Men 'less satisfied with life' when their female partner is the only earner
The research, published in European Sociological Review, analyzed survey data for over 42,000 people across nine countries.
Wellbeing was measured by asking people how satisfied they are with their lives, from zero (extremely dissatisfied) to ten (extremely satisfied). Most people typically score somewhere between five and eight. Men’s ‘life satisfaction’ was 5.86 when women were the sole earners, versus 7.16 when men were.
Wellbeing is lowest in female-breadwinner couples when men are ‘unemployed’ rather than ‘inactive’ (not actively looking for work and/or doing housework or other care responsibilities). Unemployment is typically associated with greater psychological costs, including self-doubt, uncertainty, loneliness, and stigma.
The study also showed that men’s wellbeing is higher when women experience unemployment instead of men. By contrast, wellbeing is equally low for women when either partner is unemployed.
The authors suggest unemployed men may be particularly vulnerable to isolation and loneliness given they are less likely than women to have community or care-based social networks to draw on.
Meanwhile, gendered expectations of selflessness may lead unemployed women to go further than unemployed men in shielding a partner from their distress. This could work the other way, too: when the man is unemployed, the woman may be more affected by his struggles than he would be if these roles were reversed.
Compared with two-earner and male-breadwinner couples, female-breadwinner couples have lower household incomes and are more likely to find it ‘difficult’ to cope on their income. Plus, a higher proportion of men in female-breadwinner couples report poor health and are low educated. All these factors are also associated with lower life satisfaction.
After controlling for these and other factors – including marital status, age, attitudes toward gender and partners’ relative contributions to household income – women’s wellbeing is only marginally lower when they are sole earners. For women, then, it is the characteristics of female-breadwinner couples that mostly explain their lower well-being.
The researchers argue that men’s lower well-being in female-breadwinner households likely reflects the importance of being the breadwinner for men’s identities. Providing financially for the family remains key to masculinity and being a ‘good’ dad.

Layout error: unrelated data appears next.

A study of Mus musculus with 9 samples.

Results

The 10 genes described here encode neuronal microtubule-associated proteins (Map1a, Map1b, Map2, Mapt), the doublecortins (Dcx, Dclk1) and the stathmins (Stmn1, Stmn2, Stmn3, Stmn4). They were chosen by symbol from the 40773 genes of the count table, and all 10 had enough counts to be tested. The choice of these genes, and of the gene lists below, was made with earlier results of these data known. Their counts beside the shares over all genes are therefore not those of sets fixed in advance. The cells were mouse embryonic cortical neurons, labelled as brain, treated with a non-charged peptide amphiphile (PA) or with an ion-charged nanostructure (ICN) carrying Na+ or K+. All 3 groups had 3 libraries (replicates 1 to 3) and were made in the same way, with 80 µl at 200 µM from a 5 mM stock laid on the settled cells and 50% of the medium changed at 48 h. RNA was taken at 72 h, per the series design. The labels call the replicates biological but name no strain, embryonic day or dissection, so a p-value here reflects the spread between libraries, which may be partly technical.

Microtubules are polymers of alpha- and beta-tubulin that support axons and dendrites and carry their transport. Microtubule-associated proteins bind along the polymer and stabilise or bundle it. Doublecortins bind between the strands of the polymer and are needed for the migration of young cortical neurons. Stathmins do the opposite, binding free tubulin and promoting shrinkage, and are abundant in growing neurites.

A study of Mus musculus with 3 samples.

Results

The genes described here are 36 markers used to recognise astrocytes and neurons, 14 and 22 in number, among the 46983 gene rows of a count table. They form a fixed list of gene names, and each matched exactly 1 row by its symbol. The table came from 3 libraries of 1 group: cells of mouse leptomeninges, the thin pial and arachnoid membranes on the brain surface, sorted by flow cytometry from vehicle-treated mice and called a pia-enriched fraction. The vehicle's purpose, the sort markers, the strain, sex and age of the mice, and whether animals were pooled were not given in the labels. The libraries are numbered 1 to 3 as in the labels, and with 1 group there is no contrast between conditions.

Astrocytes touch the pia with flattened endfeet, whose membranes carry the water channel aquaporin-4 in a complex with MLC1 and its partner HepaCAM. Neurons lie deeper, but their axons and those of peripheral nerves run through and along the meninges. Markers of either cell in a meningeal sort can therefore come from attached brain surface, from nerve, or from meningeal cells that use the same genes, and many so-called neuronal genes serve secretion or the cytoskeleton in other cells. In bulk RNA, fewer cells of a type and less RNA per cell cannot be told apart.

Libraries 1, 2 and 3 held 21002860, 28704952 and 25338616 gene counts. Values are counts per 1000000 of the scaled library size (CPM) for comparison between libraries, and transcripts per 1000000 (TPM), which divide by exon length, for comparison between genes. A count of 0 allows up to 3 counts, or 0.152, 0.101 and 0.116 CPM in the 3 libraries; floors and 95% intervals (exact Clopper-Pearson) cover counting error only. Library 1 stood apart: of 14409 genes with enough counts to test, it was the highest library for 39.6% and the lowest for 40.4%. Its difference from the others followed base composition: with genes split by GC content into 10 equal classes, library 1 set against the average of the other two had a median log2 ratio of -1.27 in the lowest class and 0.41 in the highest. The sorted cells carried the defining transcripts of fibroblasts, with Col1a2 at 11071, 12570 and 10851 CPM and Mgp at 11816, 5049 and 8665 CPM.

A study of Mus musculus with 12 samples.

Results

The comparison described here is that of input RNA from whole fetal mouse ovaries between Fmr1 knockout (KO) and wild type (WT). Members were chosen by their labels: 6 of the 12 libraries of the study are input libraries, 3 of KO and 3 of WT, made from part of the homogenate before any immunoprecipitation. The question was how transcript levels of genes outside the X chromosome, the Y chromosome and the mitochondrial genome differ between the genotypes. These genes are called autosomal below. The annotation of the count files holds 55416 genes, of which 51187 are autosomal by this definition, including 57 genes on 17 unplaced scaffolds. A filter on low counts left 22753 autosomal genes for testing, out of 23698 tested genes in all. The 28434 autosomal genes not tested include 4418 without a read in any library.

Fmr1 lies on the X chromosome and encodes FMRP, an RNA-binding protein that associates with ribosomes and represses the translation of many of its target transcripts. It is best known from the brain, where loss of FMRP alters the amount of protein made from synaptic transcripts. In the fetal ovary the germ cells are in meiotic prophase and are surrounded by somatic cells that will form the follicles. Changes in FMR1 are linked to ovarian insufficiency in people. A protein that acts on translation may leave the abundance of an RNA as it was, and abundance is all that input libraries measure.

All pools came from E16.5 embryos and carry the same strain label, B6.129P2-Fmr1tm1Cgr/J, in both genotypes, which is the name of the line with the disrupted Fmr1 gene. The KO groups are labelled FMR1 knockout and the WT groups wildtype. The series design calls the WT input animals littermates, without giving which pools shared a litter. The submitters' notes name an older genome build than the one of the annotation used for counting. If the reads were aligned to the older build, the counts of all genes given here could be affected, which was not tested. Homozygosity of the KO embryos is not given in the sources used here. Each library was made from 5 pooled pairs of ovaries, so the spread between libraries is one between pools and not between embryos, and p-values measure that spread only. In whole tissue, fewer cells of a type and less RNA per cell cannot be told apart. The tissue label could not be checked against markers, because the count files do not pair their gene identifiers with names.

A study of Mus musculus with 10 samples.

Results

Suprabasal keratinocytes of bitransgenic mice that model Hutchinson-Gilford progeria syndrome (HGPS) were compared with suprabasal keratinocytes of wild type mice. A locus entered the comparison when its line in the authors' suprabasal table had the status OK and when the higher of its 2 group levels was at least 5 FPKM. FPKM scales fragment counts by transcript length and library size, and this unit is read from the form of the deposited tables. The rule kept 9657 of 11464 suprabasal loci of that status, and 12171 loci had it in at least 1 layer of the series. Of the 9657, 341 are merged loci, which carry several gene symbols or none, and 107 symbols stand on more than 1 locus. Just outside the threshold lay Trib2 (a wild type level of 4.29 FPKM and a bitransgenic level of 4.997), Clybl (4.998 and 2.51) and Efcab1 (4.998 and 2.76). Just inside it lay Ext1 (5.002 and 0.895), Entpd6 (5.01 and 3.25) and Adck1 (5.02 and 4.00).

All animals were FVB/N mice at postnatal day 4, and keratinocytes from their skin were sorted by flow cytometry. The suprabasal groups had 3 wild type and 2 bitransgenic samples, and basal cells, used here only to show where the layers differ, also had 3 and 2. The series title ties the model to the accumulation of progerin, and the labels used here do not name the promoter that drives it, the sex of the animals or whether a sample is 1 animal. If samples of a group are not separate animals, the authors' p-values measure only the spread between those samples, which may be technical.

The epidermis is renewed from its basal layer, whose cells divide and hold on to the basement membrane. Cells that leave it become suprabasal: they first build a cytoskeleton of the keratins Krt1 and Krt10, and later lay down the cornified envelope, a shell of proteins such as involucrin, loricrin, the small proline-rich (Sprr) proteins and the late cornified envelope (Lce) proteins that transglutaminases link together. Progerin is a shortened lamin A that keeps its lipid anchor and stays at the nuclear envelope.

What the researchers say: “Our findings suggest that gender norms affect how couples cope with unemployment, with men placing more value on their own employment status than their partner’s,” the lead researcher explained. “We hope our results can stimulate a debate around this important area, both within couples but also among policymakers. More needs to be done to break the link between breadwinning and masculinity. This might include greater study of gender norms in the school curriculum and campaigns and incentives to get more men to use Shared Parental Leave, for instance.
“Ultimately, we need to keep challenging the ingrained belief that men should be the breadwinner, so that men don’t feel like failures when they can’t meet this expectation.”
So, what? The idea that the man should be the breadwinner is relatively recent in evolutionary terms. In hunter-gatherer societies the concept would be regarded as nonsensical—both genders contributed equally to the “income” (from hunting and gathering) of the band and shared other tasks such as cooking and erecting shelter equally.
The unemployed men suffering from a diminished sense of wellbeing in our society are the result of our living in ways that are contrary to our design specs, and also to the way that we organize our society which embeds that contradiction.